According to a June 2000 annual report of ATV Deaths and Injuries from the U.S. Consumer Products Safety Commission, there were 3,716 ATV-related deaths in this country from 1982 to 1999. There were 36 deaths reported in New Mexico.
According to the report, 35 percent of the deaths were people under 16 years of age, while 15 percent of the deaths were people under 12 years of age. The percent of fatalities reported that involved four-wheel ATVs increased from seven percent or less prior to 1985 to 90 percent for 1999.
The U.S. Consumer Product Safety Commission issues updated safety alerts to warn consumers of the potential operator risks associated with three- and four-wheeled all-terrain vehicles.
- ATVs are not toys.
Children under 12 years of age should not operate any ATV. This is because, typically, they lack adequate physical size and strength, cognitive abilities, motor skills and perception to operate a motor vehicle safely. ATVs are difficult to ride and require constant attention in order to avoid accents.
- Don’t let children under 16 ride adult-size ATVs.
Children between the age of 12 and 15 should not operate adult-size (greater than 90 cc) ATVs. The risk of injury for 12- to 15-year-old drivers of adult-sized ATVs is one and one-half to two times the average risk of injury on smaller ATVs. CPSC has received reports of 168 deaths of children between 12 and 15 years of age. Most deaths have occurred on adult-sized ATVs.
- Take a training course.
A hands-on training course is necessary for all ATV operators. Inexperienced drivers in their first month of using an ATV have 13 times the average risk of injury. Beginning drivers should receive a training course from certified instructors, and basic maneuvers taught in training should be practiced regularly on safe terrain. Children should ride only under close adult supervision. The CPSC injury survey showed that almost half of the drivers had less than a year’s experience, and one-fourth had less than one month’s experience.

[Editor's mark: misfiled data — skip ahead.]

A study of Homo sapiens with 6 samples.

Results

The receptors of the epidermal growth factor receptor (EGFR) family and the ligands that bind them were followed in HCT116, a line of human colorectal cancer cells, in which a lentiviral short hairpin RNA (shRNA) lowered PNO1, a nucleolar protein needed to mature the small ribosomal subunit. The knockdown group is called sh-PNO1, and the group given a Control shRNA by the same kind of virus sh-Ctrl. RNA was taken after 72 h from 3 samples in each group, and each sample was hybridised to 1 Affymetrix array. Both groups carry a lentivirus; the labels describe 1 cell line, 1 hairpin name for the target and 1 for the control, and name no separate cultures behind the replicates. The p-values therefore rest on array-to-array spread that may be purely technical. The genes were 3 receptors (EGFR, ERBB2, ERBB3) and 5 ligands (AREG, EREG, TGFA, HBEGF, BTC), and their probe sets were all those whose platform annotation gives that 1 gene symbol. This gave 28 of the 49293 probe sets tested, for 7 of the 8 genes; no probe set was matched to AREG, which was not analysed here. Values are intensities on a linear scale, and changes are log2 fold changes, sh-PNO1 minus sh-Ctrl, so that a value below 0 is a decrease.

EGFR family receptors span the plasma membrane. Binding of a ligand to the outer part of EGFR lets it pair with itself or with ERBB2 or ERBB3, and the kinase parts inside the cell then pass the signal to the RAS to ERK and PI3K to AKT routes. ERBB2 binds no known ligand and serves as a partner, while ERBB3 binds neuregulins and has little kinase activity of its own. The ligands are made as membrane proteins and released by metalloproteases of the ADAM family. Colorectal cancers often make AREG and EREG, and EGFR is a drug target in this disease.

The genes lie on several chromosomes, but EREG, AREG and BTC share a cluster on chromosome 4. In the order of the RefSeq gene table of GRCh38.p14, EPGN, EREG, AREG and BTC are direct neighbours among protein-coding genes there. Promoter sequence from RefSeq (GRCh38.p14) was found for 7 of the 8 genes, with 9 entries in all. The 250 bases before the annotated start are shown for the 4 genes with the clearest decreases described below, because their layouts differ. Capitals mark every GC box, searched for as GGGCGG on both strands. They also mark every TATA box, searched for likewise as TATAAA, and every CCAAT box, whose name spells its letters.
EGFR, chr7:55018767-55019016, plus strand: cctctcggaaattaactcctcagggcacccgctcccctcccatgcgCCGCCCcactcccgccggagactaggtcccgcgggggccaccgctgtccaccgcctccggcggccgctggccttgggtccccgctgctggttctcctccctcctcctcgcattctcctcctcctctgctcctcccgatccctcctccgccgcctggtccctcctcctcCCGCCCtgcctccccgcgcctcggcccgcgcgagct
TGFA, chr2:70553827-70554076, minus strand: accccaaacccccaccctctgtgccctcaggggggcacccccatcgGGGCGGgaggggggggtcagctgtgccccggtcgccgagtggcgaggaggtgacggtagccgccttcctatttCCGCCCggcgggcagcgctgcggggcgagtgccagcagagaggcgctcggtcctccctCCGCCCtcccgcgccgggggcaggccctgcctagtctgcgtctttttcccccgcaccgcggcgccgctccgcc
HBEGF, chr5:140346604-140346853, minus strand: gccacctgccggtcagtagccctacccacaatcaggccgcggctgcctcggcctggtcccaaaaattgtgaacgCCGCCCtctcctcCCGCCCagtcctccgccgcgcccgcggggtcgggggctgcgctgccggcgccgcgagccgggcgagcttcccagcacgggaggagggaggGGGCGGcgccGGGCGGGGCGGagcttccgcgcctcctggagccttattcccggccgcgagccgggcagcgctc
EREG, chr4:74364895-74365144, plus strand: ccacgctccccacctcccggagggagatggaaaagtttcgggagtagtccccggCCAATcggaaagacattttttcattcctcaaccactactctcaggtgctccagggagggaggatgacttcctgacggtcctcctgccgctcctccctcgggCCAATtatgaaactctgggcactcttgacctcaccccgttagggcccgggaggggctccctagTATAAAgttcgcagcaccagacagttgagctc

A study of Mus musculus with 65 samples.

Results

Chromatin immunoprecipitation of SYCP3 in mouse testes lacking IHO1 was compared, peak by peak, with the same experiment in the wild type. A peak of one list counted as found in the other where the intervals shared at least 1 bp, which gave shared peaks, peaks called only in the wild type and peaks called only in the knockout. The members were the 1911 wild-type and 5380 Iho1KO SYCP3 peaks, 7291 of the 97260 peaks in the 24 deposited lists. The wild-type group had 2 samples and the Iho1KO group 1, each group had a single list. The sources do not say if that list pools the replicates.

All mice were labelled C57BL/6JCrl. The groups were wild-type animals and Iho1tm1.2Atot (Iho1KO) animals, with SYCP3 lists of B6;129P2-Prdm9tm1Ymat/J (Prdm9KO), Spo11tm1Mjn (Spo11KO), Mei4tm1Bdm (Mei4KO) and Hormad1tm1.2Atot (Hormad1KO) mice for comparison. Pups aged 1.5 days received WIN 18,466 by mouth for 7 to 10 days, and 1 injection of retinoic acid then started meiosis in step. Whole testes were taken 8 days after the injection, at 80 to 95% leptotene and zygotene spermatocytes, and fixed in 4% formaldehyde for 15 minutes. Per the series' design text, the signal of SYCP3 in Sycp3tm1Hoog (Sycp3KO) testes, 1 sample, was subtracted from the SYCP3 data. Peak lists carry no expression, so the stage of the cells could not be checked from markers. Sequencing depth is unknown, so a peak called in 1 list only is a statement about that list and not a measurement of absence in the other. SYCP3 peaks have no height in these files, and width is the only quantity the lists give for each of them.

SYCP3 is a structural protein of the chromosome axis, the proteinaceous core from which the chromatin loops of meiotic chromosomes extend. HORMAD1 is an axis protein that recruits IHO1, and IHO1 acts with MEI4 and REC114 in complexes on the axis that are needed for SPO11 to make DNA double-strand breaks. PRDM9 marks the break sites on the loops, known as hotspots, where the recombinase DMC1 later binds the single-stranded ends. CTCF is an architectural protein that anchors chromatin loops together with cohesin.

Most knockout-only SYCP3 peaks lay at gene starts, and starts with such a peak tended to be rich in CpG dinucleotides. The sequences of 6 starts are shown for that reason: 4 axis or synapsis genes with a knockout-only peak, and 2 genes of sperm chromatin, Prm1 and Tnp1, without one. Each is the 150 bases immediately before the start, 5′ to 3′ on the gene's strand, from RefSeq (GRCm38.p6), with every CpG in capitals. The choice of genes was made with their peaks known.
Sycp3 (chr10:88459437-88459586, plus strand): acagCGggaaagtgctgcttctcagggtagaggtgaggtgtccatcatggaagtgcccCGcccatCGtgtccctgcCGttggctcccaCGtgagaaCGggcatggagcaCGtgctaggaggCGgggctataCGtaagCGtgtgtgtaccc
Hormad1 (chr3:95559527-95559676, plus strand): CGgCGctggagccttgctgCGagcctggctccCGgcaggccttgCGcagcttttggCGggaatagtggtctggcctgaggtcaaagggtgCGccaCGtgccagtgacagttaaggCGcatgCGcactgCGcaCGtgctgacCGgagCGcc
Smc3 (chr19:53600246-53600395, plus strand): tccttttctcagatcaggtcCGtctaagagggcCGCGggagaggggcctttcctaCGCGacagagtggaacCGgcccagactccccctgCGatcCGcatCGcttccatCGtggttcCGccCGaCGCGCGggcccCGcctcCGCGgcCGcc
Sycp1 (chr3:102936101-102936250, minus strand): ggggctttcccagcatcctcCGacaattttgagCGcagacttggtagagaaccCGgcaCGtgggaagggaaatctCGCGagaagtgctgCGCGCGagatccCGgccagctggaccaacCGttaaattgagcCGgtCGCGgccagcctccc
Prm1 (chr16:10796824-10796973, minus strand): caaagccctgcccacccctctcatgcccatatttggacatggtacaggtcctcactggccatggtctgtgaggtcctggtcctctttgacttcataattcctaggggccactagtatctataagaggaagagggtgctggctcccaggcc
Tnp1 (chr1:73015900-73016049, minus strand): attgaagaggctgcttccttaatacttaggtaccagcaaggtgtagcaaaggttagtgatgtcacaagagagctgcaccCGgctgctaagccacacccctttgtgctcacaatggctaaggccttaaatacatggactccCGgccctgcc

- Helmets save lives.
Helmets could have saved the lives of approximately 25 percent of the people who died from head injuries in ATV accidents. In the CPSC injury survey, three-fourths of the drivers with head injuries were not wearing an approved helmet. Without the protection of a helmet, the risk of head injury was twice as high as when the injured person wore a helmet. More than half of the injured persons had worn no protective equipment, such as helmets, gloves and heavy boots.
- Allow no passengers.
Do not ride double. ATVs are designed for one driver and no passengers and have unique handling characteristics. The presence of a passenger seriously impairs the driver’s ability to shift weight in order to steer and control the ATV. In the CPSC injury survey, 31 percent of the drivers carried passengers on the ATV, and 20 percent of the injured people were passengers.
- Avoid paved roads and alcohol.
Almost 10 percent of the injuries and more than 25 percent of the deaths occurred while operating the ATV on paved roads. These accidents occur because of collisions with other vehicles and because ATVs are difficult to control on pavement. In 30 percent of all fatal ATV accidents, some alcohol use was mentioned.
- Four-wheelers are more stable than three-wheelers.
Although the stability of all ATVs is low, the stability of four-wheeled ATVs is better than the stability of three-wheeled ATVs. The risk of an accident on a three-wheeled ATV is about one and one-half to two times the risk of a four-wheeled ATV.